Before coming into force, the bill needs to get past the Senate and gain the president’s signature. ANO is already contemplating contesting Lex Babiš before the Constitutional Court, should the legislation make it onto the statute books. “We will consult lawyers first,” said Babiš, who combines his role as finance minister with his ownership of agricultural, food processing and chemical giant Agrofert and substantial media stakes.
The bill makes it illegal for Cabinet ministers to own media companies and bans businesses in which a minister holds a stake of 25 percent or more from receiving public procurement contracts, subsidies and investment incentives. These stipulations resulted from two key amendments submitted by Jiří Chvojka (Social Democrat) and Martin Plíšek (TOP 09). “We’ve taken a significant step towards preventing the concentration of power in a single pair of hands. Government ministers’ firms should not be recipients of public money,” said Plíšek.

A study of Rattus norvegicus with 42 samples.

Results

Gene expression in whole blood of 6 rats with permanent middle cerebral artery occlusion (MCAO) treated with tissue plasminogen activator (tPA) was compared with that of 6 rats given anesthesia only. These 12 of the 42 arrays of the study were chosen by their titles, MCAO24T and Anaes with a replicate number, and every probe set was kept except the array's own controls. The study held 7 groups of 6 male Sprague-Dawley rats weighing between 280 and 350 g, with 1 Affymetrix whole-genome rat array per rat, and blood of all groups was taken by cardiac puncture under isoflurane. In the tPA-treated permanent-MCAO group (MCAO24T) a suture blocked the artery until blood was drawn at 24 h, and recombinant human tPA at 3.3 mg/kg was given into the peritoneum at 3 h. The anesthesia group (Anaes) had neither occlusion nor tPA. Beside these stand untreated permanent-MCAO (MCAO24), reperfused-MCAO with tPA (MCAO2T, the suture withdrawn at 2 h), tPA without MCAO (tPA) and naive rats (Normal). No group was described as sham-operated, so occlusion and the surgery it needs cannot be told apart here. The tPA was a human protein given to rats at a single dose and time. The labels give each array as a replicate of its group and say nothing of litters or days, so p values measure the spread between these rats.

The bill sailed through the 200-member chamber with a clear majority given by the combined 135 votes of MPs in the Social Democrat and Christian Democrat ruling coalition parties and of all present MPs in the Civic Democrat, TOP 09, Mayors and Independents [STAN], Communist and Úsvit [Dawn] opposition parties. Only ANO MPs opposed the bill. The debate took two hours but it was unexpectedly calm.
“I do not see a reason why someone who has built a family firm, and then for certain reasons wants to go into politics, which is truly a wonderful life experience, should in advance of making a move be told by the traditional political parties that they cannot do so. The trend worldwide is quite the reverse,” Babiš told journalists outside the chamber. The ANO chair excused himself from the debate, citing the need to attend meetings with Cabinet colleagues over the 2017 state budget.
Babiš’s place was taken by Jaroslav Faltýnek, chair of the ANO MPs’ caucus. “‘Look, there goes Babiš, let’s make a law to hit this person. And not just him alone, but every other successful businessperson, to stop them from entering politics,’” Faltýnek wryly remarked. He added that the bill was driven by the “shared desire of the traditional political parties to get rid of Babiš to reprivatise politics for themselves”.